Based on his firm’s analysis of various data sources, Mason provides a spirited defense of co-pay offset programs. He argues that co-pay cards don't increase utilization of higher-cost brand-name drugs and don't reduce generic usage, but do increase adherence.
While the article lacks sufficient details to fully evaluate its empirical claims, it still makes a useful contribution by explaining how and why co-pay offset programs can be a valuable benefit management tool.
What do you think: good or evil?
The article is a response to last November’s highly negative Pharmaceutical Care Management Association report, which claimed: “Copay coupons induce consumers to choose higher-cost brands (despite higher copays) over lower-cost competitors (despite lower copays).” See PBMs Launch a New Attack on Copay Cards.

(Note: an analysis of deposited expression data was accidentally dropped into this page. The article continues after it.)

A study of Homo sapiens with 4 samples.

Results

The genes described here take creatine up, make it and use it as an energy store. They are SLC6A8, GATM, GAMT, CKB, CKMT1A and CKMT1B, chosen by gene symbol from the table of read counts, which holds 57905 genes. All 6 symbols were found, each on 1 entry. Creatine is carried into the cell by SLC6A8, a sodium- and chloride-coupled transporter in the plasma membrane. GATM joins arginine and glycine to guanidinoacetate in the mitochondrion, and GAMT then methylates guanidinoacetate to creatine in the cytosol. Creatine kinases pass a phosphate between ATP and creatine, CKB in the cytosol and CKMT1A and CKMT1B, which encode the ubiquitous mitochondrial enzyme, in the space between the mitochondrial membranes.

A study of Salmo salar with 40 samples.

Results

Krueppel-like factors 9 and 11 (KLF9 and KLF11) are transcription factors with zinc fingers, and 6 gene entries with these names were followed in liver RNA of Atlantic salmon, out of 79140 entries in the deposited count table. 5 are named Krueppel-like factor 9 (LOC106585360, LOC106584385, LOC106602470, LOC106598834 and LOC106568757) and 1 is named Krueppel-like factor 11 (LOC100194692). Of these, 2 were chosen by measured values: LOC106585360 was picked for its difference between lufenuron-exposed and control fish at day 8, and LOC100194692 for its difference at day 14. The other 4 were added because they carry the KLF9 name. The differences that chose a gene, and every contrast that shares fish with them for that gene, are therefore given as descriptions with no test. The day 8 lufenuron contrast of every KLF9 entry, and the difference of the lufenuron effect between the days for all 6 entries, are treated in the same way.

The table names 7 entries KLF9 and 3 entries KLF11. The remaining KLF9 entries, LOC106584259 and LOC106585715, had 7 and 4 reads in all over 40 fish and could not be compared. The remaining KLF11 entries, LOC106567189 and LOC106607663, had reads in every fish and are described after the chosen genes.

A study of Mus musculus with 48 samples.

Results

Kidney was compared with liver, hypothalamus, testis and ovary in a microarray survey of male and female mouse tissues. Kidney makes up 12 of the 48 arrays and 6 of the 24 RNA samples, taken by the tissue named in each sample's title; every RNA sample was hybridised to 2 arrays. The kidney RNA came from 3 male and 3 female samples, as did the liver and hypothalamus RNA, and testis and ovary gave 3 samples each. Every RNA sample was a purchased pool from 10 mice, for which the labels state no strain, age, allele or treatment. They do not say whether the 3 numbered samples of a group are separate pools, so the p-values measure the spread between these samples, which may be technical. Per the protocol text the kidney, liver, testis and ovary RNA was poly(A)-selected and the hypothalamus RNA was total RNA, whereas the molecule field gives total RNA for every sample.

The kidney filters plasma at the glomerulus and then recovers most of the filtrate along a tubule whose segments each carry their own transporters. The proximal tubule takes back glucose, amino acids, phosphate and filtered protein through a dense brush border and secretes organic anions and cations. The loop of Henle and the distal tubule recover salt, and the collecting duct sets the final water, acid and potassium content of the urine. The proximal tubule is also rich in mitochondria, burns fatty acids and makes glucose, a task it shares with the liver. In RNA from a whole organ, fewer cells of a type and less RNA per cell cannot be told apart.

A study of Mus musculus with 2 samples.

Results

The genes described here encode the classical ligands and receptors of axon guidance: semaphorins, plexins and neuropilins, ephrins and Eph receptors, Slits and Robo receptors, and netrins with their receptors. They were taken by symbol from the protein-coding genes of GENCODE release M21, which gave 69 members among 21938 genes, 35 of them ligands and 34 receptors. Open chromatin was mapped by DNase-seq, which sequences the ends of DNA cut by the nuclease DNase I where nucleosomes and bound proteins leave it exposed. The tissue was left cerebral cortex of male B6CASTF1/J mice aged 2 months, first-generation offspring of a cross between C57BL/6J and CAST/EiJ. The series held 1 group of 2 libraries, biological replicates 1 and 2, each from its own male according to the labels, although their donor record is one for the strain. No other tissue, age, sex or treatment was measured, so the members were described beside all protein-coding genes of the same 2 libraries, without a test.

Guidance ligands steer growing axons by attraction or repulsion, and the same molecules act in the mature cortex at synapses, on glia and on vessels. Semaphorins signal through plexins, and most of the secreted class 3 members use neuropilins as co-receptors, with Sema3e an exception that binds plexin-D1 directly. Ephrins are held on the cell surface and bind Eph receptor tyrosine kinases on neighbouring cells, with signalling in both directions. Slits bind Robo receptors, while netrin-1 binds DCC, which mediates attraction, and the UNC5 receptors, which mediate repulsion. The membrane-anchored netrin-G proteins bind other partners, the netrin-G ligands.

In contrast, Mason states that “there are actually far more copay card program transactions that are used by Tier 2 contracted prescriptions than by Tier 3 non-contracted prescriptions.” (See A Look at Drug Benefit Tiers in 2011 for an overview of benefit tiers.) Here’s his logic:
“The largest brands in the class have an advantage in negotiating for Tier 2 access, as they have the most drug spend 'in play.' The third or fourth brand to launch in the class ends up 'non-preferred,' and, in order to get high-quality access for its drug, initiates a copay card program. The larger brands, despite having contracted to get patients lower copayments, are afraid to lose their advantage and 'double down' by instituting a copay card offset program.”He also points to the lack of correlation between generic utilization and co-pay offset (per the chart below).
The last chart in the article summarizes a case study that shows increased patient adherence with co-pay offset. These data are consistent with peer-reviewed studies on the relationship between co-payment levels and abandonment. See Co-Payments and Prescription Abandonment.
So, Drug Channels readers, what do you think about Mason's point of view?